Talent unlimited with a penchant for trouble
Last Wednesday, he announced his reconciliation with the England and Wales Cricket Board (ECB) which could pave his way back to the national side soon. In the meantime he must undergo what ECB chairman Giles Clarke called a "re-integration process" amid reports that not all his team mates hold him in the highest esteem.
But whatever your opinion of the 32-year-old South African-born batsman, Pietersen's talent is undeniable. And on the evidence of defending champions' England's limp departure from the Twenty20 World Cup, his return cannot come soon enough.
Pietersen's ability to fall out with, or alienate, members of several of the teams he has played for lends ammunition to those who argue England should not accommodate someone who does his own thing in what is ultimately a team sport. His own thing, however, is what makes him the player he is and what makes spectators love his style and prompt opposition players and coaches to marvel at his ability. It was Pietersen who pioneered the "switch-hit," in 2008, twice thumping New Zealand's Scott Styris over the ropes after changing to a left-hander's stance as the bowler approached. In his most recent international appearance he scored a stunning 149 against South Africa at Headingley and drew lavish praise from opposition coach Allan Donald.
"The knock that I've seen today reminds me of bowling to Brian Lara, a bit of a genius," Donald said. "I'm really not sure what more we could have done. You have to take your hat off to him because he played seriously well."
That innings took him past 7,000 Test runs at an average a fraction under 50 and his 21 centuries place him level with Strauss, one three-figure score away from equalling the national record held by Geoffrey Boycott, Colin Cowdrey and Walter Hammond. He sits sixth in England's one-day international all-time list, just behind Strauss, and only Marcus Trescothick has bettered his haul of nine hundreds. In Twenty20 international cricket he is the only England player to have topped 1,000 runs and his strike rate of 141.51 is better than any of the other 47 players to have represented his country.
He was the player of the tournament when England won the Twenty20 World Cup in the West Indies two years ago, their first success in a global event, which makes his absence from the current tournament all the more frustrating for his supporters and pleasing for the opposition. Pietersen is a flair player and does things on instinct. "The way I play is instinct-oriented," he said in 2009. "I like to do things spontaneously."
But the instinct that has served him so well on the field has cost him dear off it with those text messages just the latest example of a penchant to act before he has fully engaged his brain. Witness his decision earlier this year to announce he was quitting one-day international cricket.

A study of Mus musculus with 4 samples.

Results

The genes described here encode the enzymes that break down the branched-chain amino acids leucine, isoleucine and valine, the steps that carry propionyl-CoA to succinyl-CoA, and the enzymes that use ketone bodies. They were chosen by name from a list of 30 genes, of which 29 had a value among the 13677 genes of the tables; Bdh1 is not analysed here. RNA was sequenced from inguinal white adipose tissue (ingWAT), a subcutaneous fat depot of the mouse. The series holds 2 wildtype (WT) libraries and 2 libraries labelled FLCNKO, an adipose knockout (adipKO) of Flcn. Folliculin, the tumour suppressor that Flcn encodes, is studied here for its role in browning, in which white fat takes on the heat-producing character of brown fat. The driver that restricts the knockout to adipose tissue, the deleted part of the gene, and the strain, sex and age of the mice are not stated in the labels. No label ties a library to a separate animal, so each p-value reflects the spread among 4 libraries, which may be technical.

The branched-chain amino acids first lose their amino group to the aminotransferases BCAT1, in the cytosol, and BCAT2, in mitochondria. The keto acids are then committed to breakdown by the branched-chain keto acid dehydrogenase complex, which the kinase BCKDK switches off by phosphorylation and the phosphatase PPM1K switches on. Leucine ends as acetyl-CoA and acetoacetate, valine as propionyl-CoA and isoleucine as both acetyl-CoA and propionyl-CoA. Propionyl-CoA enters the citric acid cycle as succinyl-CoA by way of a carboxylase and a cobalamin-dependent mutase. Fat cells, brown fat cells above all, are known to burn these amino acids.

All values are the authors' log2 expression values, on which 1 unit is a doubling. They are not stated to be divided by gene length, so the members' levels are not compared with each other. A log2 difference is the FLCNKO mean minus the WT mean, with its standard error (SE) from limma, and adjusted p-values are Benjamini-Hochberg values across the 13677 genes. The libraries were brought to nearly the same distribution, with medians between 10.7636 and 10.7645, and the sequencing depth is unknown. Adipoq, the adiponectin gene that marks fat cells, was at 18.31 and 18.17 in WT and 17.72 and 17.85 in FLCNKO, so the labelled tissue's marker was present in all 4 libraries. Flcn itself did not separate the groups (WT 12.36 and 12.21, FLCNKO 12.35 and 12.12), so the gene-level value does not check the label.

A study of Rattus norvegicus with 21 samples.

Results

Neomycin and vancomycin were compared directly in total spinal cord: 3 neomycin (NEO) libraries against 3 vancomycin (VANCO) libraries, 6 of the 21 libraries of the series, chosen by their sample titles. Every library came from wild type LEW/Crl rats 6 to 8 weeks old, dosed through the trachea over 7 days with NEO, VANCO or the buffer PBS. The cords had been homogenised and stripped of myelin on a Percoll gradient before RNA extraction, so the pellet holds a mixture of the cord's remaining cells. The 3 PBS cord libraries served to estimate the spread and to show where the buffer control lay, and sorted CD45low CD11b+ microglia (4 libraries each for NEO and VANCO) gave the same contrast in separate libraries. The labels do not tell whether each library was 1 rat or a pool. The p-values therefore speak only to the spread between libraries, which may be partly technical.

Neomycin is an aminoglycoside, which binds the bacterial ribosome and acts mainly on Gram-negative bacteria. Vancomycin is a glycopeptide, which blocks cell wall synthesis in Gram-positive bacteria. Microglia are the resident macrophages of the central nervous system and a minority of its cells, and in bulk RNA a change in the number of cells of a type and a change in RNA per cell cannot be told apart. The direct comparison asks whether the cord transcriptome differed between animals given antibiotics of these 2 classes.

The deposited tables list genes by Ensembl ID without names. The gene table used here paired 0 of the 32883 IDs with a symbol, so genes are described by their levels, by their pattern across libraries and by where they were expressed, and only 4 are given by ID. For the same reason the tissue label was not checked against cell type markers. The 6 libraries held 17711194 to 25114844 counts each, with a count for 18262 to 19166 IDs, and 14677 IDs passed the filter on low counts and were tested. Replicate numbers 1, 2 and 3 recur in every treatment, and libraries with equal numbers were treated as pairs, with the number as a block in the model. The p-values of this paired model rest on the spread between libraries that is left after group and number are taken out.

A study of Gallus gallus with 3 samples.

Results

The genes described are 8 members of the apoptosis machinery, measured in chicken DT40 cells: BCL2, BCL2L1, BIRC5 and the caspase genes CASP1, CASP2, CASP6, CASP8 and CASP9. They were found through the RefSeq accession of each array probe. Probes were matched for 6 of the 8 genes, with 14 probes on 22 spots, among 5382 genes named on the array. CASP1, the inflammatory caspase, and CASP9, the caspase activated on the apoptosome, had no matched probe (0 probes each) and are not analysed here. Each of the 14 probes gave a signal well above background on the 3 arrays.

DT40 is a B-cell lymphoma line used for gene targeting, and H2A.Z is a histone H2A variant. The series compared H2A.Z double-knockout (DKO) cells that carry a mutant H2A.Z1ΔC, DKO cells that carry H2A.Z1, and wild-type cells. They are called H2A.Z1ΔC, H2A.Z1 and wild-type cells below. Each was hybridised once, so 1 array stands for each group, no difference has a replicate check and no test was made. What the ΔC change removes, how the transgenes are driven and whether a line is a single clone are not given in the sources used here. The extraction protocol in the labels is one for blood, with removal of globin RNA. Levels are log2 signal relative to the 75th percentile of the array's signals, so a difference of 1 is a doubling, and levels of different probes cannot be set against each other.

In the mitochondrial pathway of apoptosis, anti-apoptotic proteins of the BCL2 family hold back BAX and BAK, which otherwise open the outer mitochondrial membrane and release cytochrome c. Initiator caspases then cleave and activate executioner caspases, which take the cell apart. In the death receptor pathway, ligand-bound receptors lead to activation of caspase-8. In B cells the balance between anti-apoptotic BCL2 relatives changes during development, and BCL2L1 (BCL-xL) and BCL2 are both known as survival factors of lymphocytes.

The rationale was that he found the schedule too taxing but he lost sympathy when he revealed he also wanted to play a full season of cricket in the lucrative Indian Premier League. It also ignored the fact that, given the terms of his England and Wales Cricket Board (ECB) central contract, he would no longer be considered for the Twenty20 World Cup as England's policy is not to let players pick and choose between limited overs formats.
Now he has committed to play in all three formats of the game for England until 2015, even though a lot can happen in the mind of Kevin Pietersen during that time. Although his detractors believe the texts to players from the country of his birth confirm he is a flag-of-convenience cricketer, the Pietersen story is far more complex.
Born in Natal in 1980 to a South African father and a mother from Kent, Pietersen has displayed a single-minded self-confidence since making his first-class debut at the age of 17. He started out as an off-spin bowler and took four wickets against Nasser Hussain's 1999-2000 England team.
Pietersen showed promise at that stage of his career but, frustrated by his slow progress and encouraged by former South Africa captain Clive Rice, he threw in his lot with English county side Nottinghamshire and in 2001 averaged almost 60 with the bat in his first season. He subsequently blamed racial quotas for his failure to make progress at Natal and for the first, but not the last time, he managed to leave a sour taste in the mouths of those he had once played alongside.
That scenario was repeated at Nottinghamshire where he fell out so badly with the coach and captain that the latter was reported to have thrown Pietersen's kit off the dressing room balcony. The extreme reactions he provokes suggested someone who has a tendency to act first and consider the consequences later, illustrated during a turbulent period as England captain in 2008-09.
Taking over from Michael Vaughan, he led the side to victory in his first Test as captain against South Africa and was in charge when the team returned to India after the armed attacks on Mumbai, a decision that earned him kudos in India. But all the while he was said to have felt England coach Peter Moores was not up to the job and, when he aired his views to the England hierarchy, they decided that both Moores and Pietersen had to go.
Now he is on the brink of a return to the side, something that appears to have been made easier by the retirement of Strauss as captain. Whether those left in the dressing room will forgive him for what they perceive to have been his role in the popular Strauss's departure remains to be seen.